Flow Jam is one of the new games Darpa is turning to in hopes of thwarting a cyberattack.
Online gamers may be what saves the U.S. from cyberattacks, if the Pentagon’s research group can enlist enough volunteers.
Darpa has set up a new gaming site, called Verigames, that it says will help eliminate vulnerabilities in commercial off-the-shelf software the U.S. military, government and other organizations use, marking an interesting move that the Pentagon’s research wing is turning to the crowd to solve the problems of private enterprise.
Darpa’s Crowd Sourced Formal Verification (CSFV) program offers games that simultaneously perform formal verification of C and Java software, a process that checks that software is free from flaws that can make it vulnerable to misuse. Formal verification is ordinarily carried out by specially trained engineers to manually scour software, but it’s too slow and too expensive to apply to all software. But, according to Darpa, “it may be possible for large numbers of non-experts to perform formal verification much faster and more cost-effectively than with conventional processes.”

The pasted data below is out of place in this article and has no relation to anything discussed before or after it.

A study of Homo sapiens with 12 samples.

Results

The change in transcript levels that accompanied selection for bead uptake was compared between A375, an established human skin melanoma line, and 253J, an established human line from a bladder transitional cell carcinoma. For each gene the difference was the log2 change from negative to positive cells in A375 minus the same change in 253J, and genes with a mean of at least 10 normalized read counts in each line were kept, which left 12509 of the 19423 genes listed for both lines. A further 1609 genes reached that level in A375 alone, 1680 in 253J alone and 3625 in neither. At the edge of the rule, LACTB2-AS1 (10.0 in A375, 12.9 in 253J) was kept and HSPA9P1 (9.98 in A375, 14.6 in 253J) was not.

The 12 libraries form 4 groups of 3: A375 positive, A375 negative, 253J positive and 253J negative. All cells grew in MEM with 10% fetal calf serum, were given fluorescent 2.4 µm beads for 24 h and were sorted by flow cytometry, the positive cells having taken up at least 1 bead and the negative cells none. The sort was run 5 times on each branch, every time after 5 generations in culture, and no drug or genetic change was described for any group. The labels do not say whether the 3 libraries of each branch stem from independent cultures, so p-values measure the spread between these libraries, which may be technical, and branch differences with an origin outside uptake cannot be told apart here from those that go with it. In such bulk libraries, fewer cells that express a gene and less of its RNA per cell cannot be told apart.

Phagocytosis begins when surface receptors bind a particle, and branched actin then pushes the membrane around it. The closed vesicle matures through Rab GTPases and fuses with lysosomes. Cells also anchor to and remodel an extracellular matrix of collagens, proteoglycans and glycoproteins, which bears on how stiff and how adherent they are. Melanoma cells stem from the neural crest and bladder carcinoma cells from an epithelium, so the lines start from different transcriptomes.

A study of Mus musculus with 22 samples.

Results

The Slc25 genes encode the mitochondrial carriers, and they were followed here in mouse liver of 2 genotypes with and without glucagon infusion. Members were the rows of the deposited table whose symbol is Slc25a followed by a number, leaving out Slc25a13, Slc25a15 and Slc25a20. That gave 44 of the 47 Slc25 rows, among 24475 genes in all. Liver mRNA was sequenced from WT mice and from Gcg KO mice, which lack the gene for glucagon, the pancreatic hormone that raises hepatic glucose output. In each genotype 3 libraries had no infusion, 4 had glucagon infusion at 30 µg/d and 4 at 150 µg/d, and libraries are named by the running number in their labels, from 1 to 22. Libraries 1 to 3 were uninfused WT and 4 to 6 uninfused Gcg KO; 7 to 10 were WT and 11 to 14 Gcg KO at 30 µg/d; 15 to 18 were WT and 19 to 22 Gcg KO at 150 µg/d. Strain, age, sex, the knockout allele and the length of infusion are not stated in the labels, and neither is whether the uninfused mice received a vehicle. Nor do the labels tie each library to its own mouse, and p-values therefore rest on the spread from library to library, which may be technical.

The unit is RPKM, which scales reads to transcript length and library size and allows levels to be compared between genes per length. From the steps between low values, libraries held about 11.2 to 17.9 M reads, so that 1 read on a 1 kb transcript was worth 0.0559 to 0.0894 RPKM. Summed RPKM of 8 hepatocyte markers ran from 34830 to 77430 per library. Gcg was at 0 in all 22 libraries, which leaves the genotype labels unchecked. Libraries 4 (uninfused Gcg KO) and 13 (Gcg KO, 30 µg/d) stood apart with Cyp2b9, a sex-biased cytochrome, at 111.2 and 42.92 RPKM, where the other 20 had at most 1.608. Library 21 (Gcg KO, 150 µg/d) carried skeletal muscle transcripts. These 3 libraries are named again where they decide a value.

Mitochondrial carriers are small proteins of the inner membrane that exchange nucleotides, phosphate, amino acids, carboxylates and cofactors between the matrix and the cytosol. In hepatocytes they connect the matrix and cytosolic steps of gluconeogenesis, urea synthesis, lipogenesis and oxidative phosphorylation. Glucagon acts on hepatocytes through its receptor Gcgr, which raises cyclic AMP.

The site’s five games are designed so that when users solve puzzles to advance to the next level of play, they are actually generating mathematical proofs that can identify software flaws that cyberattacks could exploit.
“We’re seeing if we can take really hard math problems and map them onto interesting, attractive puzzle games that online players will solve for fun,” said Darpa program manager Drew Dean, in astatement. “By leveraging players’ intelligence and ingenuity on a broad scale, we hope to reduce security analysts’ workloads and fundamentally improve the availability of formal verification.”
The government can only accept the help of individuals who are 18 or older, but that may not be the only hurdle to find gamers.
On Monday, The New York Times, the Guardian and ProPublicajointly reported that the NSA and the CIA have been conducting surveillance and accumulating data of millions of gamers who play World of Warcraft and Second Life.